Planning a Trip Abroad? The US Government will (mostly likely) Scan your Face

1 month ago

Planning a Trip Abroad? The US Government will (mostly likely) Scan your Face

In a major effort to upgrade its systems for the purpose of vetting international travelers, the Customs and Border Protection (CBP) fully intends on increasing its use of facial recognition technology.

Back in March 2017, President Donald Trump issued an executive order, expediting the deployment of biometric verification of the identities of all travelers crossing US borders. In fact, facial recognition is expected to be deployed at the top 20 U.S. airports by 2021 for “100% of all international passengers,” including US citizens. This move is part of a plan to “protect the nation from terrorist activities by foreign nationals admitted to the United States.”

18 years have passed since 9/11, and the global aviation security market, technologies and industry are forecast to go through major shifts. New and maturing technologies, such as Artificial Intelligence, NPR Based threat classification, new High Sensitivity X-ray Detectors, Big Data & Data Analytics, Machine Learning Based automated (EDS & X-ray) image interpretation & Smart Sensors, Cybersecurity, and Facial Biometrics passenger identification technolgies will create new market segments and fresh business opportunities.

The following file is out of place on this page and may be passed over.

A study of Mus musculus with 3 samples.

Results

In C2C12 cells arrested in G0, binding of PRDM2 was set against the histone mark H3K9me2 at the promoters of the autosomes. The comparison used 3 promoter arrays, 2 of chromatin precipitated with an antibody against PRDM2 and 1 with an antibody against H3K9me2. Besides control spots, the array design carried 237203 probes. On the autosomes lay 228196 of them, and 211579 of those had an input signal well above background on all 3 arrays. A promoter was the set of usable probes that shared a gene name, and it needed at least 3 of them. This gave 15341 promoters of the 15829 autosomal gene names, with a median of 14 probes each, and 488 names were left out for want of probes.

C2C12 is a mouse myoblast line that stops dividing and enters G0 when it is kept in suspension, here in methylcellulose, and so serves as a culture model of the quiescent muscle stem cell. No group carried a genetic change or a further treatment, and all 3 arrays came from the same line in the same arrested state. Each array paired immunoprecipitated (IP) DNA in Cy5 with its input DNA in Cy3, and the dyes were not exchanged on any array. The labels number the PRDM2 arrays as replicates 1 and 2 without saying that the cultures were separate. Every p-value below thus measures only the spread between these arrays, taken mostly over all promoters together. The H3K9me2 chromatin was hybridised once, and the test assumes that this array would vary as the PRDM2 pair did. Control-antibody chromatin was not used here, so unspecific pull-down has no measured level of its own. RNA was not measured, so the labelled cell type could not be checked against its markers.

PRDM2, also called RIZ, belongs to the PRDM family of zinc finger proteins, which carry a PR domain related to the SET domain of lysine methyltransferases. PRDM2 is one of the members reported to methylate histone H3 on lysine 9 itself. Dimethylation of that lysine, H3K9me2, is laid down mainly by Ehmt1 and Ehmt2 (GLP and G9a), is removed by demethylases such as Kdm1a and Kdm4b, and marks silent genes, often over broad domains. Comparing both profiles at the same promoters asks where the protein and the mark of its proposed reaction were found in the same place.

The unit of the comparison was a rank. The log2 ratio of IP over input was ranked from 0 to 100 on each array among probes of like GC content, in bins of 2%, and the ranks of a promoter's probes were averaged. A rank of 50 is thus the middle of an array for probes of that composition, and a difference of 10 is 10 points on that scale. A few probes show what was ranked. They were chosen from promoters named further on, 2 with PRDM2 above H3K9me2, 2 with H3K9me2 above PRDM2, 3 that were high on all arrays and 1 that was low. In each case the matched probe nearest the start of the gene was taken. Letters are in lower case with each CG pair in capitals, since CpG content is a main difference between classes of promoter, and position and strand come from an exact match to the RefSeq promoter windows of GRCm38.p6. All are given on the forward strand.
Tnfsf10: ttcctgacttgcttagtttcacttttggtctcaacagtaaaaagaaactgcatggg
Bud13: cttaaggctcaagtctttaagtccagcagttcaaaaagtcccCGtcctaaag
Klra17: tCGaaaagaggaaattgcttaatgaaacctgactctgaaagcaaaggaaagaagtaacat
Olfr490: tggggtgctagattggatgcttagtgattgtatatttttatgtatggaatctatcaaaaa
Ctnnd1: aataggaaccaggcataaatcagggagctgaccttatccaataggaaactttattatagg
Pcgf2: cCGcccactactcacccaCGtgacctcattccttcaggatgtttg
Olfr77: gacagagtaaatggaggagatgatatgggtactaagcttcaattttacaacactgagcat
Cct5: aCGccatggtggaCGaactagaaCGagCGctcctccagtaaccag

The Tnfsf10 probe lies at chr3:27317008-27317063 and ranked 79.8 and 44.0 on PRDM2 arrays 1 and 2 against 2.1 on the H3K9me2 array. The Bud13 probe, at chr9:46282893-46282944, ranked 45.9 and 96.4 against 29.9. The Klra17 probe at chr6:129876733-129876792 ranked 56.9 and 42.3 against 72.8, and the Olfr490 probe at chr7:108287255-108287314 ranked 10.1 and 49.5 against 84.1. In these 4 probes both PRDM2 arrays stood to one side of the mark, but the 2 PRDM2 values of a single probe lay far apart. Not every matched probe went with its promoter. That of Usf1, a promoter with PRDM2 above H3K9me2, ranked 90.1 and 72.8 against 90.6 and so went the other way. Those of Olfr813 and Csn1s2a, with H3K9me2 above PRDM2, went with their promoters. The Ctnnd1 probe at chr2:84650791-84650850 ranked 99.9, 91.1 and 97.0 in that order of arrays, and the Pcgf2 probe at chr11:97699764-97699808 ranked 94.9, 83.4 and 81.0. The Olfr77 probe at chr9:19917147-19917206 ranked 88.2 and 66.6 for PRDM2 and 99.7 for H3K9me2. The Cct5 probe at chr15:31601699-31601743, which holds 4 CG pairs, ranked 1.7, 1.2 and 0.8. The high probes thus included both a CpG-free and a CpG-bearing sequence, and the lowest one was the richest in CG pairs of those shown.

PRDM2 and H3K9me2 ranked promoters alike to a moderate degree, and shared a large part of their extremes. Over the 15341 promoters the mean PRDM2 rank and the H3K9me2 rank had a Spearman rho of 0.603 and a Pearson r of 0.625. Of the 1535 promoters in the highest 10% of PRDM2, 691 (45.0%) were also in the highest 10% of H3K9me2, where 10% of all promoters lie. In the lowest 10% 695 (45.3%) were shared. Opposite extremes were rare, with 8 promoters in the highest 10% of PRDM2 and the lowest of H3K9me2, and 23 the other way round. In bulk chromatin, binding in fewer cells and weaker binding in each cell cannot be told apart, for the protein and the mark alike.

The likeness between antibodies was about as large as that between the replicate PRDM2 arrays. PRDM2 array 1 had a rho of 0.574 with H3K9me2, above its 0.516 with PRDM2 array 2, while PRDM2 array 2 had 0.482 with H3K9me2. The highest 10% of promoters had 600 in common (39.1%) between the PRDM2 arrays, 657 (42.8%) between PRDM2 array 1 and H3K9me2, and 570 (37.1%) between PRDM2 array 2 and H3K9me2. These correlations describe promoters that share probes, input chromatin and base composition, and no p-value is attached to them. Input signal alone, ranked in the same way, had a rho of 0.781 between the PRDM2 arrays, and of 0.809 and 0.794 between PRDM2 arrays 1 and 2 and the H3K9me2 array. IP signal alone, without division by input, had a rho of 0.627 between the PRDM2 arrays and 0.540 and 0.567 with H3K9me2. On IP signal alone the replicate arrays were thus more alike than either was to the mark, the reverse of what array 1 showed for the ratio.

According to Homeland Security Research Corporation’s (HSRC) Aviation Security Market 2019-2025 report, the Chinese & US Aviation Security markets will continue to dominate the market, holding together over 50% of market during the forecast period.

According to the Transportation Security Administration (TSA), it has thus far processed over 19 million travelers with the use of facial recognition technology at airports as well as borders. Out of the (+)19 million travelers, only a little over 100 have been identified as “imposters”, meaning that their identities do not match their identification documents. According to the agency, they have managed to successfully intercept six “imposters” at airports.